Maiandra GD – Sometimes I wonder who are the people just mentioned only once in the Bible. Those with the small roles. I wonder why they are significant in the grand picture of it all. Perhaps it is them we can learn from most. The vast majority of us will never have the oppurtunity to stand out. When YouTube made it possible for everybody to get their fifteen seconds of fame, it made it impossible for that fame to mean anything or to be used in a way that changes things.
The vast majority of us have only a scene in the movie and one line to say. I think the reason we can learn the most from these people is because we’re most like them. We’re not Paul’s, former religous enforcers now working on the side we once persecuted. We’re not Timothy’s, excluded sons living among a people. We’re not like most of the Biblical figures we’ve met over the years.
We’re more like Cleopas. He was among Jesus’ lesser known followers. You know, not the dozen disciples chosen by Him, but one of more than seventy followers that chose to go with Jesus. We don’t know how long he’s been following Jesus, or anything else for that matter. We just know he’s had a horrendous week.
The dozen disciples chosen by Him have locked themselves inside, fearful of what people outside might do to them. There’s talk that some of them want to go back to fishing, after all, they all have families. Cleopas and an unnamed disciple are walking to a nearby town called Emmaus. It seems that Cleopas has been in the shadow of big names all his life. After all, his own name means “son of a renowned (famous) father.” Then, he’s been following Jesus for some time, and there’s no bigger name than that right now.
And yet, these two disciples meet a stranger who seems to not know. He seems to not know that a week ago all Jerusalem welcomed Jesus on a donkey. He seems to not know that Jesus drove out money changers from the temple. He seems to not know that this Passover Week, Jesus was brought before all the city. He seems to not know that the people chose the release of a murderer named Barrabas over Jesus. he seems to not know that Jesus had been paraded in the streets before he was crucified. And so Cleopas and this unnamed disciple tell this stranger everything, including that the women have just today reported that the tomb was empty, this was corroborated by one of Jesus dozen disciples.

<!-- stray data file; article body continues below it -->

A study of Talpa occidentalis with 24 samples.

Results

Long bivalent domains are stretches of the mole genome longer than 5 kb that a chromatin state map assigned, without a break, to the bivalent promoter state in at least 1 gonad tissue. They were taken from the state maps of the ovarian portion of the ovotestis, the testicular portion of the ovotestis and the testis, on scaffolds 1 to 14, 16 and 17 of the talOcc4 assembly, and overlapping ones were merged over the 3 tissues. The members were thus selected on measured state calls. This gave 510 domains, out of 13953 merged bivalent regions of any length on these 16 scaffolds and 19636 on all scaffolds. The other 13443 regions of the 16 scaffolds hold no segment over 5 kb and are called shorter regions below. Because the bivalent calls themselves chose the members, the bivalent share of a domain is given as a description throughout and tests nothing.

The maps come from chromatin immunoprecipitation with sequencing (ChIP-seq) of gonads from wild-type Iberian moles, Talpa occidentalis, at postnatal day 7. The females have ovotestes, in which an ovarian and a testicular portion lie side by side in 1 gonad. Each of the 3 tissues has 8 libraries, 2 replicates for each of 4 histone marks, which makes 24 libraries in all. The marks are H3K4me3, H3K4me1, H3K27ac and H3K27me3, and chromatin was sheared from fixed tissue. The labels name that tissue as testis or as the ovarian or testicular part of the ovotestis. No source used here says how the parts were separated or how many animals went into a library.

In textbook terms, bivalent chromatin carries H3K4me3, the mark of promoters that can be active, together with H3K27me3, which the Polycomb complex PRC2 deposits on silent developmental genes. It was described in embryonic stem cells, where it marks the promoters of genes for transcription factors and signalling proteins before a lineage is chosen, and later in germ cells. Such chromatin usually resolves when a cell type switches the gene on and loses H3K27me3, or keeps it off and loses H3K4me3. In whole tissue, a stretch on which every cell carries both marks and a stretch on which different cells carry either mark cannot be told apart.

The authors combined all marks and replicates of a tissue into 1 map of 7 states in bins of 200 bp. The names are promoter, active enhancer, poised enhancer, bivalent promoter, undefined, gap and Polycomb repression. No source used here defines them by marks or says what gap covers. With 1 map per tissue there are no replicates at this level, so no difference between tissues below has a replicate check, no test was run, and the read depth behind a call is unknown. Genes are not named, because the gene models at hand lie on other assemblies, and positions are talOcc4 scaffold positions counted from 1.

The stranger may not know the news, but he has a knowledge of scripture and he lays it all out, how Jesus had to be the Messiah, how he had to suffer, be beaten, and killed in a travesty of justice, and how he had to be raised again to save people from their sins. He could do this because he was not only a man, but because he was the Son of God and he was God, the Son. Only when they broke bread that evening did Cleopas and that unnamed disciple really see who they were with – Jesus himself!
This was the sort of good news that couldn’t wait, even though it was late, at once they got up and went back to the disciples in Jerusalem. Even though they aren’t mentioned, they must have still been in the room when Jesus appeared to the disciples there, to the dozen. Interesting order isn’t it? First to the women, then to the disciples that chose to follow, and lastly to the disciples who were called.
So what can we learn from this anonymous son of a famous father? That our hope in Christ is very real. You see, when that day began the women were going to the tomb to prepare the body of Jesus. The disciples, all of them, believed that he was dead. Dead as in not comming back. The disciples were eager to move on and forget this chapter of their lives. They stood nothing to gain having followed a now dead teacher or standing by him any further. The women found the first evidence, an empty tomb and folded burial clothes. Cleopas and this unnamed disciple found the second evidence, a road trip and shared meal with Him where He taught them the scripture they needed to hear, and the third evidence was when Jesus appeared before the disciples. Now that the disciples are convinced that he’s back, we can be, too.